2002-05-25 until 2002-08-03
Sheffield Galleries and Museum Trust, Graves Art Gallery
Sheffield, , UK United Kingdom

"The eye that never sleeps" is the phrase used by the family of Terence Donovan (1936-96), regarded today as one of Britain's greatest photographers, to describe his dedication to photography. It has been borrowed for use as the title of a new major exhibition of Donovan's photographs. The Museum of London is a most fitting venue for this, his first retrospective, which displays just a small part of an archive of almost a million negatives, and concentrates on Donovan's contribution to the cultural history of the city he loved. 'Through his London photographs', writes Simon Thurley, Director of the Museum of London, Terence Donovan has 'shown the glamour, the charm, the grit and the seediness of modern London.'

Born in Stepney in London's East End, Donovan was as comfortable in the ateliers of Paris couturiers as he was in the streets east of Aldgate. But it was the chaos of these streets, the swathes of bombed-out terrain which was 'vital', as photographic historian Val Williams writes, 'to the construction of a new fashion iconography'. Donovan photographed men's fashion in a gritty, grimy style years before it was de rigeur for men's fashion photography. He took his models to East End tenements or placed them wreathed in steam high on the platforms of gasometers. He took them to the bomb-damaged docklands, and balanced them on the girders of steelworks and iron bridges, motifs of an age of industry.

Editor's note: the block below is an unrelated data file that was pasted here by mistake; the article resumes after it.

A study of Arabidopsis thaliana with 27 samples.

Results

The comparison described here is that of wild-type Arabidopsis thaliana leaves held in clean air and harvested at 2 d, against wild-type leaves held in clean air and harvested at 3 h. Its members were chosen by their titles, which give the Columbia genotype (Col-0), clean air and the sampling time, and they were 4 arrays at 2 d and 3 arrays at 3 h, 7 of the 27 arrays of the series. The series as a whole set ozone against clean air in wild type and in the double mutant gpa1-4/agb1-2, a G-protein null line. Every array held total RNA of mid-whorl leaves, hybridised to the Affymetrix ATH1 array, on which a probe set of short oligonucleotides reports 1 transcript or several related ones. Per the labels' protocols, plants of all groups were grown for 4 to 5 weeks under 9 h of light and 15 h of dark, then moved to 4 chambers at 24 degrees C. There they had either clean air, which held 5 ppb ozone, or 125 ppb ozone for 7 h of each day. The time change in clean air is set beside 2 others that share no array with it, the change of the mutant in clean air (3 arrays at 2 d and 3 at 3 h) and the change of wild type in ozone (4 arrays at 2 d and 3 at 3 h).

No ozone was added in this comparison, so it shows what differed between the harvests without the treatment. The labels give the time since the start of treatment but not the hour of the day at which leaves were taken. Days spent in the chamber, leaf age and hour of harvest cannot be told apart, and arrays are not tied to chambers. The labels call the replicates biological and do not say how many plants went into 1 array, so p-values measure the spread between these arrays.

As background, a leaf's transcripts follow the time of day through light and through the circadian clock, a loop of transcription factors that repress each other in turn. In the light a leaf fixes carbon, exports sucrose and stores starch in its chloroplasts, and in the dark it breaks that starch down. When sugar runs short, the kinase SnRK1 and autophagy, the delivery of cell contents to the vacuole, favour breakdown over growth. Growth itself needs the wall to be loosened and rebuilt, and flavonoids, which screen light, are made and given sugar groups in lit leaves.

Donovan also delighted in the beauty of the female form, adorned or not. Amongst the array of beautiful women who appear in the exhibition, Julie Christie stares out intensely over her naked shoulder. Diana, Princess of Wales, is glimpsed ostensibly in the background, but her smile forms the focus of the image; Madonna, every inch the glamorous star, relaxes in an exclusive London restaurant.

In a long career that started at 15, Donovan was astonishly prolific. He was a feature film and documentary maker, he directed some 3000 commercials, produced music videos, and was an accomplished painter. His work took him around the world, photographing for Elle and Marie-Claire in Paris, and Harper's Bazaar in Milan and New York. But Donovan never let London go. His last published photograph - of the London-based design team Clements Riberio - was for Vogue, with whom he had an association that began in 1961. The intervening years did nothing to diminish Donovan's technical skill or obscure his unerring eye.

From grainy documentary work set against bleakly urban backgrounds, to stylish models in elegant lingerie in sumptuous surroundings; from portraits chosen for their connection to the life of London - Terence Stamp, Peter Blake and Francis Bacon amongst others - to personal work, lovingly capturing the photographer's wife and children, the eye that never sleeps shows for the first time the vast range of this dynamic man, who for nearly 40 years defined the spirit of his times.